They were incredible. I'm not a hard rock fan, but P.O.D. was electric, and I was blown away by how explicit Sonny was to the crowd. "Play pray for us as we tour with Korn and Kid Rock," he said from the stage. "Pray that we'll break their hearts with the love of Jesus . please support us as we hope to bring God's love to the mainstream."
Backstage after the performance, P.O.D.'s lead guitarist Marcos ran into Dan Haseltine, lead singer of Jars. Dan congratulated him for their growing success. Marcos excitedly thanked Jars for all they'd done for so many years, then quickly brought him over to Sonny, where I saw the three guys congratulate each other. I heard both Marcos and Sonny thank Jars for "doing it right" and for helping blaze trails for Christians in mainstream music.
So imagine my surprise when I saw a recent article in RE: Generation Quarterly, where P.O.D.'s Marcos and Wuv "dis" Jars of Clay after Wuv expresses how much he dislikes Christian music.
"Christian music is the cheesiest music," says Wuv. "They copy too much. I hate that." But surely there must be at least one Christian rock group P.O.D. likes? What about Jars of Clay? Marcos makes a face. "Nah," he says. Wuv grimaces: "Arrggghhh!" he says. "You can quote me on that: Jars of Clay--arrggghhh!"
Et tu, Marcos?
What makes Jars of Clay, but not P.O.D., a "Christian band"? The lyrics? Surely not. Both bands' lyrics have followed a similar pattern through their careers: a more explicit "message" early on, less explicit later. In fact, "Satellite," P.O.D.'s latest, is arguably more explicit in its spirituality than Jars' recent "The Eleventh Hour." (For that matter, I've got 100 bucks for Wuv if he can admit to listening to a recent Jars album.)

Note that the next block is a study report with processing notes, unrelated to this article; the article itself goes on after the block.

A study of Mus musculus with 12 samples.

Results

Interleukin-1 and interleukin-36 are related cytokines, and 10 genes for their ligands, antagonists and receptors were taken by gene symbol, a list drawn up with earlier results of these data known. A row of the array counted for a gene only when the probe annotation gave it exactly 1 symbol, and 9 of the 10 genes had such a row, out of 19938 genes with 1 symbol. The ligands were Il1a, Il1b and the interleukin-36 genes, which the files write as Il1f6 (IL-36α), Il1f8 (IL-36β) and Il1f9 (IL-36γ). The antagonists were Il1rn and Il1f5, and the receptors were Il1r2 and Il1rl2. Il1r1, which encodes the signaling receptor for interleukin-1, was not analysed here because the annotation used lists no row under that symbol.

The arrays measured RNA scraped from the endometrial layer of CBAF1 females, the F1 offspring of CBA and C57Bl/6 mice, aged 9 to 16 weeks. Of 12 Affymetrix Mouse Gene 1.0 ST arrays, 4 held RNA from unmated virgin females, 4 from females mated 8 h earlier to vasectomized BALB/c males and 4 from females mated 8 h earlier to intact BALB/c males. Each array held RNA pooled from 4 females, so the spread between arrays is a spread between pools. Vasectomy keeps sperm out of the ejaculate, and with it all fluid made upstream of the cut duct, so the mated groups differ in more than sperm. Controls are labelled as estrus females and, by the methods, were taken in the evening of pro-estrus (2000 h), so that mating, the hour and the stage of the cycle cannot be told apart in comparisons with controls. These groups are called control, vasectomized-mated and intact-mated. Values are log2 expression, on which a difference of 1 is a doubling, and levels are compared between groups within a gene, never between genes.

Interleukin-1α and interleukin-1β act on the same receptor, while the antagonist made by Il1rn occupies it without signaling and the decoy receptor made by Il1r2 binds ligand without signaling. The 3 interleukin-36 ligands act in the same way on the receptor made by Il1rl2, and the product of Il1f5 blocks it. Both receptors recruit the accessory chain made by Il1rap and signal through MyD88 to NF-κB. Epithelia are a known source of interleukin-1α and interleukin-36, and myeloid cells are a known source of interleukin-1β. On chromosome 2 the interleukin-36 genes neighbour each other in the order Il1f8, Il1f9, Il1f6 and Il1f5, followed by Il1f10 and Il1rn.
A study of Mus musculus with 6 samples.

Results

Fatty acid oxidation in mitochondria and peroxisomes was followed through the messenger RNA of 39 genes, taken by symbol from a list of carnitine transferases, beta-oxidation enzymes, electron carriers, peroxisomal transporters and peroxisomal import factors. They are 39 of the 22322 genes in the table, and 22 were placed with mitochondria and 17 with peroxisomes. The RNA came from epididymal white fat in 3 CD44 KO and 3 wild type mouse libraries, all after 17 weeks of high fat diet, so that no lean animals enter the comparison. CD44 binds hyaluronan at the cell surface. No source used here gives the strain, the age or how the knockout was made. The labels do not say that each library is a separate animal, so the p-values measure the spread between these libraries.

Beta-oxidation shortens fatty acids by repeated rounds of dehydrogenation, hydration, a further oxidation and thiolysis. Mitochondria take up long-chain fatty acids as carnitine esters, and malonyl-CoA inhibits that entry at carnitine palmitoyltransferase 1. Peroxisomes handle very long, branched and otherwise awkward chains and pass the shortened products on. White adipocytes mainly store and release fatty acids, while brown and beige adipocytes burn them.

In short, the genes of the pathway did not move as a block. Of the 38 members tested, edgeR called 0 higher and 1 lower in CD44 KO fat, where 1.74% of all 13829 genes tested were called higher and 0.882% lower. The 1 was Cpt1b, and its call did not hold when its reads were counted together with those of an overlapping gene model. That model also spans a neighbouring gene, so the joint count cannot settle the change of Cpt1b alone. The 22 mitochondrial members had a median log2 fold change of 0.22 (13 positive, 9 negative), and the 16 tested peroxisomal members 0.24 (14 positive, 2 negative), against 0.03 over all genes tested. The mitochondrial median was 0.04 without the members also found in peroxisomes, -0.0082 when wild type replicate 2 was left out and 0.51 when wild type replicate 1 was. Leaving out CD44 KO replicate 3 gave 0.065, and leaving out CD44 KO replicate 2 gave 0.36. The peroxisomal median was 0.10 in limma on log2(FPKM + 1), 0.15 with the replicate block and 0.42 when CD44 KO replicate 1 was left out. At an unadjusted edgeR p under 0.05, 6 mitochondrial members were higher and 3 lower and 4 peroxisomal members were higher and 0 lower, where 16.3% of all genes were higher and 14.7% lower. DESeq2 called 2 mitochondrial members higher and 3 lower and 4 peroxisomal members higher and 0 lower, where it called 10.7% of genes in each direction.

Is it the faith of the members, or what they say in concerts? P.O.D. doesn't deny their personal faith (especially in front of Christian audiences, as at Ichthus), so it can't be that. Is it their distribution label? P.O.D. and Jars both have Christian-market labels in addition to their mainstream ones--Word distributes P.O.D. to Christian stores and radio stations, Provident handles Jars in the same market. So it can't be that, either.That leaves Wuv's definition of Christian music: "They copy too much." Hmm. I'm a huge fan of P.O.D.'s music, but on the MTV awards show, one of Jimmy Fallon's early jokes was that he couldn't tell the difference between P.O.D., Linkin Park, and Papa Roach. Let me be clear: I don't believe that P.O.D. "copies." But the point is, we never know what's behind a band's music, and P.O.D. isn't immune to sounding like they've taken a page from other bands.
The fact is, P.O.D.'s career path is closer to Jars than they'd like to admit. Both bands worked their tails off to build a following with explicit spiritual albums; both bands found overnight success through a single song and video ("Rock the Party" and "Flood"), and both bands quickly abandoned the Christian festival circuit in favor of the higher-profile, mainstream radio and tour circuit.
Was P.O.D a "Christian" band when I saw them three years ago, but not now? Does P.O.D. reject Christian festivals because of artistic integrity, or is it because they can finally afford to? Both bands have been stuck with inappropriate labels, and it sounds like Wuv is making a desperate attempt to distance himself from the "Christian music" label. I agree 100 percent with his intention, as the term--which at this point is nurtured only by the CCM labels themselves to increase "niche" sales--has damaged the relevance of countless musicians who sing about faith. But why attack a band that, as much as any other, has tried to do it right? Jars has to deal with enough unfair labeling from the other side; why should they have to worry about the same treatment from a should-be ally?